Editor’s Note: The technical information below comes from the engine-vibration experts at Fluidampr.
Engine vibration accelerates engine wear, breaks engine parts, and robs us of horsepower.
There are three specific types of engine vibration that professional engine builders concentrate on minimizing. Each vibration type has its own method to control it. They are:
1. Unbalanced Vibration
Unbalanced vibration is a weight-imbalance vibration that occurs once per engine revolution. Like the consistent thumping you feel when you lose a wheel weight.
In regards to an engine, even measure and distribution of the rotating assembly weight prevents this.
A balancing service refers to precision matching the pistons, connecting rods, and crankshaft counterweights to minimize unbalanced vibration.
2. Axial Vibration
Axial vibration is forward and backward movement of the crankshaft.
The main bearing support plate and thrust bearings are in place to avoid this movement.
3. Torsional Vibration
Torsional vibration is the end-to-end twisting and rebounding of the crankshaft caused by combustion.
The harmonic balancer (damper) controls the twist to achieve durability and efficiency. Not all are constructed or function the same.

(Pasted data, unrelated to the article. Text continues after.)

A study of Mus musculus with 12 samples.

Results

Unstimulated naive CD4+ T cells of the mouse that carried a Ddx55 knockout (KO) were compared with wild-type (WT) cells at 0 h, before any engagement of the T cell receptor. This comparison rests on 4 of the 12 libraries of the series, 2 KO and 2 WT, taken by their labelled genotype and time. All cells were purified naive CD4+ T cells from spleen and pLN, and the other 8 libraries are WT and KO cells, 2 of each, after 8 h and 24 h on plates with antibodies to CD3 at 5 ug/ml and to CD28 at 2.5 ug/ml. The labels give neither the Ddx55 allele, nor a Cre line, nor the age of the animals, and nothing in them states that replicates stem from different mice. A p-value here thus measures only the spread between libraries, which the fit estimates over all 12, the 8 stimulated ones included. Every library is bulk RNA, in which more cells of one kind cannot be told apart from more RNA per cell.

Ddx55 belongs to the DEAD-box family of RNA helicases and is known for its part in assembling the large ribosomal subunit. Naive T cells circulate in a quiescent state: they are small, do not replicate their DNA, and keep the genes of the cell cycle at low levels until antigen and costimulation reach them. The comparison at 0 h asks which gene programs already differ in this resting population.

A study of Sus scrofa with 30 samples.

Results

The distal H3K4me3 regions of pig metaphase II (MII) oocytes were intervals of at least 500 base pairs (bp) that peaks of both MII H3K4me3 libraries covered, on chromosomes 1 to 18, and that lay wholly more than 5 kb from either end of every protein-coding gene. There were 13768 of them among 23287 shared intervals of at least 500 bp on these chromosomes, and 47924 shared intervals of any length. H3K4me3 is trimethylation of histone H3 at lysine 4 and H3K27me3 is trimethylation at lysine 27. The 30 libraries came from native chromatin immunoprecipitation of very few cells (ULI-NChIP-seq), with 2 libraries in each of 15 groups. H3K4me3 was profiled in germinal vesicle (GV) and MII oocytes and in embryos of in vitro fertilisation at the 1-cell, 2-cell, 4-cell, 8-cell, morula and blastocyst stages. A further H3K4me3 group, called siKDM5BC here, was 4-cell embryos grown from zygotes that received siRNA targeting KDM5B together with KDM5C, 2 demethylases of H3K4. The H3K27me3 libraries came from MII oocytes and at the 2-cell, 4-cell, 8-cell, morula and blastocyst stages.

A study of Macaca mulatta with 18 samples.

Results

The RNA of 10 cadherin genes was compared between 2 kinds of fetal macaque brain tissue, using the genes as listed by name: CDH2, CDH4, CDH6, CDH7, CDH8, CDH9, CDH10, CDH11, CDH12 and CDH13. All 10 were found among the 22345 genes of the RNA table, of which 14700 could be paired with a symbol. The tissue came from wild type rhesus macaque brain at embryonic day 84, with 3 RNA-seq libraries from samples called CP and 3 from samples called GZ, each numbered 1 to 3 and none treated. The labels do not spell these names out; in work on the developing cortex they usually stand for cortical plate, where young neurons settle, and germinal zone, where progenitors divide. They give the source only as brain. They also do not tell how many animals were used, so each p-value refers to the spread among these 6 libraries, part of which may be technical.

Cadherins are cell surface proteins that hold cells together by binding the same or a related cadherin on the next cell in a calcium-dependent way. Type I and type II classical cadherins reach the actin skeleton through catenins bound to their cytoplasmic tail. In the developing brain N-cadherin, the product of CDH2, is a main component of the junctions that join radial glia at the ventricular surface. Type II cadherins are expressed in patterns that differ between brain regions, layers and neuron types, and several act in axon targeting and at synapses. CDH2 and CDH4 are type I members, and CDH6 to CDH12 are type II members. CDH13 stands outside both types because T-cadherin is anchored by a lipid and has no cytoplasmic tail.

Fluidampr’s area of expertise is torsional vibration.
For Best Results, Know the Difference Between the Vibration Types
Three unique movements of engine vibration. Three completely different ways to control each. It is important to know the differences to understand which parts and services are best for your engine build.
You may hear all three grouped into the general term, engine harmonics.
The Noise, Vibration Harshness (NVH) automotive engineering field also focuses on these vibrations and how it impacts consumer quality.
Terminology nuances can lead to confusion. You can rest easy knowing that managing these three engine vibrations here is a fundamental step to achieving a high quality, long lasting build no matter what it’s called.
NOTE: A balancing service does not remedy torsional vibration. A harmonic balancer only affects unbalanced engine vibration if it contains a counterweight. This is referred to as an external balanced engine. Today the Ford Power Stroke and Chevy Duramax fall into this category. Classic external balanced engines include the Ford Windsor and 454-502 c.i.d. Chevy big blocks.
The more ‘NVH’ you have the cheaper the price tag at the dealer.the only cure for NVH is cubic dollars.ie , rolls royce and upward$$$$
And the 428 SUPER cobra jet only , was and external balanced engine FYI, I consider it a classic, dont you?